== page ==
Photo of Yiagadeesen (Teddy) Samy

Yiagadeesen (Teddy) Samy

NPSIA Director and Professor of International Affairs

Phone:613-520-2600 x 1218
Office:5304 Richcraft Hall

Yiagadeesen (Teddy) Samy is a Professor of international affairs at the Norman Paterson School of International Affairs (NPSIA) at Carleton University. He is currently the Director of NPSIA, a position that he has occupied since 2017. Prior to that, he served as Associate Director (MA program) from 2010 to 2016, and as Acting Associate Director (MA program) from 2008 to 2009. He first joined NPSIA in 2003 and has since taught graduate courses in development economics, international trade, macroeconomics, development assistance and quantitative methods.

Professor Samy’s research interests intersect the broad areas of international and development economics, and his current research focuses on domestic resource mobilization, fragile states, foreign aid, and deindustrialization and income inequality. His most recent books are African Economic Development (Routledge, 2018), co-authored with Arch Ritter and Steven Langdon, and Exiting the Fragility Trap: Rethinking Our Approach to the World’s Most Fragile States (Ohio University Press, 2019), co-authored with David Carment.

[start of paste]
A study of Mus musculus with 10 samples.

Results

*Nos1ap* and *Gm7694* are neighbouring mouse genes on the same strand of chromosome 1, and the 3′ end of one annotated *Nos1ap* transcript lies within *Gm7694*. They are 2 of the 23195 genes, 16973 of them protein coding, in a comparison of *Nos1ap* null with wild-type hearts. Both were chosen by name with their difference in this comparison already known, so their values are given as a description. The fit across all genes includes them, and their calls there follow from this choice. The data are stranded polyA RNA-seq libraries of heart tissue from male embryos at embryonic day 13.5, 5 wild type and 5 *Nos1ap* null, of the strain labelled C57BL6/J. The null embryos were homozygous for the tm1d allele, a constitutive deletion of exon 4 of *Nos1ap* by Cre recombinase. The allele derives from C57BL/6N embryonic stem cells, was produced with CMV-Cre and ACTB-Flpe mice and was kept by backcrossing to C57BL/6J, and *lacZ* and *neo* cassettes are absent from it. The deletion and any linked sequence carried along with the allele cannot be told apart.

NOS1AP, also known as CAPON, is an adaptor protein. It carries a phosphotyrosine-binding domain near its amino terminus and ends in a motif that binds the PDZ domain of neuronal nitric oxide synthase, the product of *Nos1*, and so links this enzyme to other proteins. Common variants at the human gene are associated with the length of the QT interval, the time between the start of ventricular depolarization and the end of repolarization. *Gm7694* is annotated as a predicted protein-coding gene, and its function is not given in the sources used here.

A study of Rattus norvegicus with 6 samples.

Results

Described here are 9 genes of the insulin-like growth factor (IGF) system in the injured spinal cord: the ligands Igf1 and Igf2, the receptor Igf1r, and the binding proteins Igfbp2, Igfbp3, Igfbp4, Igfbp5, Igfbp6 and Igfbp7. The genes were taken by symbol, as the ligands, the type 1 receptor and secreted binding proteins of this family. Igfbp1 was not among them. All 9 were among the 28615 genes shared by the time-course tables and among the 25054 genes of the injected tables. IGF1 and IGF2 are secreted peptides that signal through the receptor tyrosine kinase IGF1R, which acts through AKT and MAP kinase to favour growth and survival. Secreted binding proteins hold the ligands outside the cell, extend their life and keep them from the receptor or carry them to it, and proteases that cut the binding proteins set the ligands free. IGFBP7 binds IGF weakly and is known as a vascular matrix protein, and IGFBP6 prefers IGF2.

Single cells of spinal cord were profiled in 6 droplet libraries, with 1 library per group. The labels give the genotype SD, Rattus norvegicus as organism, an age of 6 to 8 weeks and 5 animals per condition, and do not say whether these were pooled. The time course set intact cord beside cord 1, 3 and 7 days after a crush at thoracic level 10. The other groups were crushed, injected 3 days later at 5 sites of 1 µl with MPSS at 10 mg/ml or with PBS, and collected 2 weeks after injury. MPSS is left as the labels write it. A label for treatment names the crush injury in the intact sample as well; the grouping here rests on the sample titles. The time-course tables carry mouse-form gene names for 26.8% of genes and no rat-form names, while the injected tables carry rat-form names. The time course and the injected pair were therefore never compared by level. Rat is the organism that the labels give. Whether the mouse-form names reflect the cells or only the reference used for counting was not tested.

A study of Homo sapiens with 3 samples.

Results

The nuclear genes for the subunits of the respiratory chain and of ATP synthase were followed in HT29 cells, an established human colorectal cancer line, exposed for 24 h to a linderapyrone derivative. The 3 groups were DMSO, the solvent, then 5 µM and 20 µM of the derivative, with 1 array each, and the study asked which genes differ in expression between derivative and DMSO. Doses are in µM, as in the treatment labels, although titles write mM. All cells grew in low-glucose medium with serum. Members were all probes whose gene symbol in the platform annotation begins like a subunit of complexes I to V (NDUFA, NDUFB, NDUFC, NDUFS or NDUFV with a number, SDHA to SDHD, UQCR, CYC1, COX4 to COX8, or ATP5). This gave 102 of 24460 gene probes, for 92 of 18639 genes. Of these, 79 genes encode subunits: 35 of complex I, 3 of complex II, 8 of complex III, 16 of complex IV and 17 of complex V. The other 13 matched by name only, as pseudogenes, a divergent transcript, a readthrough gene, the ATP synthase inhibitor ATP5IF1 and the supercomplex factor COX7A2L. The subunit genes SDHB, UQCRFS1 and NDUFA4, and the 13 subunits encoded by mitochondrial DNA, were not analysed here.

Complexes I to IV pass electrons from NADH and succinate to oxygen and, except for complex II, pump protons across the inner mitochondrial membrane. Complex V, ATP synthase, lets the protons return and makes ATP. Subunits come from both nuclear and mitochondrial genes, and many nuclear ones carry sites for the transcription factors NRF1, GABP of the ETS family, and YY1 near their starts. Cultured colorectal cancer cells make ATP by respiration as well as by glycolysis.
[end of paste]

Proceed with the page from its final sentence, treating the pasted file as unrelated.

His research has appeared in journals such as the Canadian Journal of Development Studies, Third World Quarterly, International Interactions, the Journal of Conflict Resolution, Conflict Management and Peace Science, Foreign Policy Analysis and Applied Economics. Professor Samy is the recipient of a Research Achievement Award (2013-2014) and a Research Excellence Award (2008) from Carleton University.

Professor Samy holds a PhD in Economics from the University of Ottawa, an MA in Economics from the University of Toronto, and a BA (Hons.) in Economics and Mathematics from York University.


African economic development, domestic resource mobilization, foreign aid, fragile and conflict-affected states, deindustrialization and income inequality, small island developing states, trade and development.